Bertrand du Guesclin, Constable of France, the most famous French warrior of his age, was born of an ancient but undistinguished family, at the castle of La Motte-Broon, near Rennes, about 1314. The date is doubtful, the authorities varying between 1311 and 1324. The name is spelt in various ways in contemporary records, e.g., Claquin, Klesquin, Guescquin, Glayaquin, etc. The familiar form is found on his monument at St. Denis, and in some legal documents of the time. In his boyhood Bertrand was a dull learner, spending his time in open-air sports and exercises, and could never read or write. He was remarkable for ugliness, and was an object of aversion to his parents. He first made himself a name as a soldier at the tournament held at Rennes in 1338 to celebrate the marriage of Charles of Blois with Jeanne de Penthievere, at which he unseated the most famous competitors.

      But this playing at fighting was not enough for his ambition; and in the war which followed between Charles of Blois and John de Montfort, for the possession of the Duchy of Brittany, he served his apprenticeship as a soldier. As he was not a great baron with a body of vassals at his command, he put himself at the head of a band of adventurers, and fought on the side of Charles and of France. He distinguished himself by a brilliant action at the siege of Vannes in 1342; and after that he disappears from history for some years. In 1351, having shortly before been made a knight, he was sent into England with the lords of Brittany to treat for the ransom of Charles of Blois, who had been defeated and captured by the English in 1347. When Rennes was besieged by the Duke of Lancaster, in 1356, Du Guesclin forced his way with a handful of men into the town, and successfully defended it till June, 1357, when the siege was raised in pursuance of the truce of Bordeaux. For this service he was rewarded with the lordship of Roche d'Airien.

Bertrand du Guesclin

      At the expiration of the truce he distinguished himself by the defence of Dinan, and here he engaged in single combat with Sir Thomas Canterbury. Shortly afterward he married; and about the same time he passed into the service of France, and greatly distinguished himself at the siege of Melun (1359). In April, 1364, in conjunction with Boucicault, he recovered Mantes and Meulan from the King of Navarre; and in May he defeated the Navarrese under Captal de Buch at Cocherel, and took their leader prisoner. The king now created him Marshal of Normandy and Count of Longueville. At the battle of Auray, in September of the same year, Charles of Blois was defeated and killed, and Du Guesclin taken prisoner, by Sir John Chandos.

      The grand companies beginning, after the close of the war, to play the part of brigands in France, it was necessary to get rid of them. Du Guesclin was ransomed for 100,000 crowns, and was charged to lead them out of France. He marched with them into Spain, visiting Avignon on the way, and extorting from the Pope a large sum of money and his absolution. Du Guesclin now supported Henry of Trastamare against Peter the Cruel, set the former upon the throne of Castile (1366), and was made Constable of Castile and Count of Trastamare. In the following year he was defeated and captured by the Black Prince, ally of Peter the Cruel, at Najara, but was soon released for a heavy ransom. Once more he fought for Henry, reinstated him on the throne (1369), and was created Duke of Molinas.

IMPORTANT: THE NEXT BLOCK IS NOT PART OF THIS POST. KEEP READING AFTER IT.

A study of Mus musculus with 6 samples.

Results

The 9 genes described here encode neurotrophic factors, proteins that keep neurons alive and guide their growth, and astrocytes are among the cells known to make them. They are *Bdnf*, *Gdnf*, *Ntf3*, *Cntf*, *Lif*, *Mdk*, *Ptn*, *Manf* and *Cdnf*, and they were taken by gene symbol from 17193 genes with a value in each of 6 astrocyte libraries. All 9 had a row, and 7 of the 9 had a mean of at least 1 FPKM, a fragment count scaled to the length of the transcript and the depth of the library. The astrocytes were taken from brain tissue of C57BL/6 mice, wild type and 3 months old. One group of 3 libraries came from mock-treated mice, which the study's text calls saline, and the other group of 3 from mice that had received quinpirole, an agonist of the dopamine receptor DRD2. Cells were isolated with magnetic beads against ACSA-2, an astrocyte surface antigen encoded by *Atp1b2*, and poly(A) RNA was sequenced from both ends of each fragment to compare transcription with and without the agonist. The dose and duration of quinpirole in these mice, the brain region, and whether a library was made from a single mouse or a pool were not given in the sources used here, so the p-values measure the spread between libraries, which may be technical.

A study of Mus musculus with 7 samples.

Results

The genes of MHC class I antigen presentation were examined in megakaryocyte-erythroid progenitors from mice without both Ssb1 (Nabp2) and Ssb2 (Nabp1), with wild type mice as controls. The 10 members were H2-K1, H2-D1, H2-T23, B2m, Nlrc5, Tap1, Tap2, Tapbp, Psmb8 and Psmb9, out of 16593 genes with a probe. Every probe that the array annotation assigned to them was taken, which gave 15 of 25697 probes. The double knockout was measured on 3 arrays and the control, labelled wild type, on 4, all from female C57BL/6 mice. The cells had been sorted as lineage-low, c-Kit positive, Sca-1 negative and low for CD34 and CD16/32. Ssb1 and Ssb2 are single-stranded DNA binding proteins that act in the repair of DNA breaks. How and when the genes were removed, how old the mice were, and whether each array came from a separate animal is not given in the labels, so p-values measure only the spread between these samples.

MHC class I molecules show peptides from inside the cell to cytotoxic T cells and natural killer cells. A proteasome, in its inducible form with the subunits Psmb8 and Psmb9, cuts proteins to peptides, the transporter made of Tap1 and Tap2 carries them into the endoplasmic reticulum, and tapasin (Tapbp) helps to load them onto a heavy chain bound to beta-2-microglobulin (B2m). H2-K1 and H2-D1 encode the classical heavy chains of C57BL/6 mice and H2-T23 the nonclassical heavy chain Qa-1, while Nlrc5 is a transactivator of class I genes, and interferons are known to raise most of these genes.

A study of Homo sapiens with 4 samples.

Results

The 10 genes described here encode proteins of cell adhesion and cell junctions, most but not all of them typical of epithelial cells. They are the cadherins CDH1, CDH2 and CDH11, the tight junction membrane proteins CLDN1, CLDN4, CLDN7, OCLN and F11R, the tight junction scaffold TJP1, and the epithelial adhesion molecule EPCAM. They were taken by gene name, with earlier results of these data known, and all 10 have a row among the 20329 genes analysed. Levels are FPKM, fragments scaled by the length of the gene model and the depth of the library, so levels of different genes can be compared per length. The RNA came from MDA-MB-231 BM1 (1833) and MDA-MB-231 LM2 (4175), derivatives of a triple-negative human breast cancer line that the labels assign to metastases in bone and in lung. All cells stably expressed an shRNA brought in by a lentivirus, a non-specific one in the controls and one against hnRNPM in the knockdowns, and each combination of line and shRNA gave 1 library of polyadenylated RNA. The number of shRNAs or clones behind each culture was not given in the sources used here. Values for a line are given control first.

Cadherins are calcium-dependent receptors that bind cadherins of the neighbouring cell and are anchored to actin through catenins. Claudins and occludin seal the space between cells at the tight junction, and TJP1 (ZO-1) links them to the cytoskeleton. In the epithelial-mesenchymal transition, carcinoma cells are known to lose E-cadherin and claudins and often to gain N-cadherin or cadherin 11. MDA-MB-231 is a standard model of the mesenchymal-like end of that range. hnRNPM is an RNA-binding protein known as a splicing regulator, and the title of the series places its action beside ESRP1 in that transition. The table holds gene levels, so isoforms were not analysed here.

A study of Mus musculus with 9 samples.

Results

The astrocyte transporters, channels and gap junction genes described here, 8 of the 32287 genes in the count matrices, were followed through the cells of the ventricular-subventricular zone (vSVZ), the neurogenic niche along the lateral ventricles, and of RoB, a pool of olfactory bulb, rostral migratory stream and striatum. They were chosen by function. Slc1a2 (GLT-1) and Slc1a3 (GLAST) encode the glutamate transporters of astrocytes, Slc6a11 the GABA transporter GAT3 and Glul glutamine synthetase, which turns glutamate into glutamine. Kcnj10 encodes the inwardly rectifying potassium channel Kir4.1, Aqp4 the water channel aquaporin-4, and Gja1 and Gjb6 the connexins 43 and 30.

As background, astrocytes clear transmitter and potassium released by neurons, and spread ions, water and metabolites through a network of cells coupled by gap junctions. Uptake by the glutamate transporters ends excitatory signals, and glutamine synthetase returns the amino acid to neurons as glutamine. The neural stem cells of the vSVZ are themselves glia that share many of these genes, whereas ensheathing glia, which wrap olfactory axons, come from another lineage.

In May, 1370, at the command of Charles V., who named him Constable of France, he returned to France. War had just been declared against England, and Du Guesclin was called to take part in it. For nearly ten years he was engaged in fighting against the English in the south and the west of France, recovering from them the provinces of Poitou, Guienne, and Auvergne, and thus powerfully contributing to the establishment of a united France. In 1373, when the Duke of Brittany sought English aid against a threatened invasion by Charles V., Du Guesclin was sent at the head of a powerful army to seize the duchy, which he did; and two years later he frustrated, by a defensive policy, the attempt of the duke with an English army to recover it. Finding, in 1379, that the king entertained suspicions of his fidelity to him, he resolved to give up his constable's sword and retire to Spain. His resolution was at first proof against remonstrance; but ultimately he received back the sword, and continued in the service of France.

      In 1380 he was sent into Languedoc to suppress disturbances and brigandage provoked by the harsh government of the Duke of Anjou. His first act was to lay siege to the fortress of Chateauneuf-Randou, held by the English, strongly garrisoned and well provisioned. A day was fixed conditionally for capitulation. Meanwhile the great warrior was smitten with a mortal illness, and died, July 13, 1380. The commander led out the garrison and deposited the keys of the castle on the coffin of the hero. Du Guesclin lost his first wife in 1371, and married a second in 1373. His remains were interred, by order of the king, in the church of St Denis.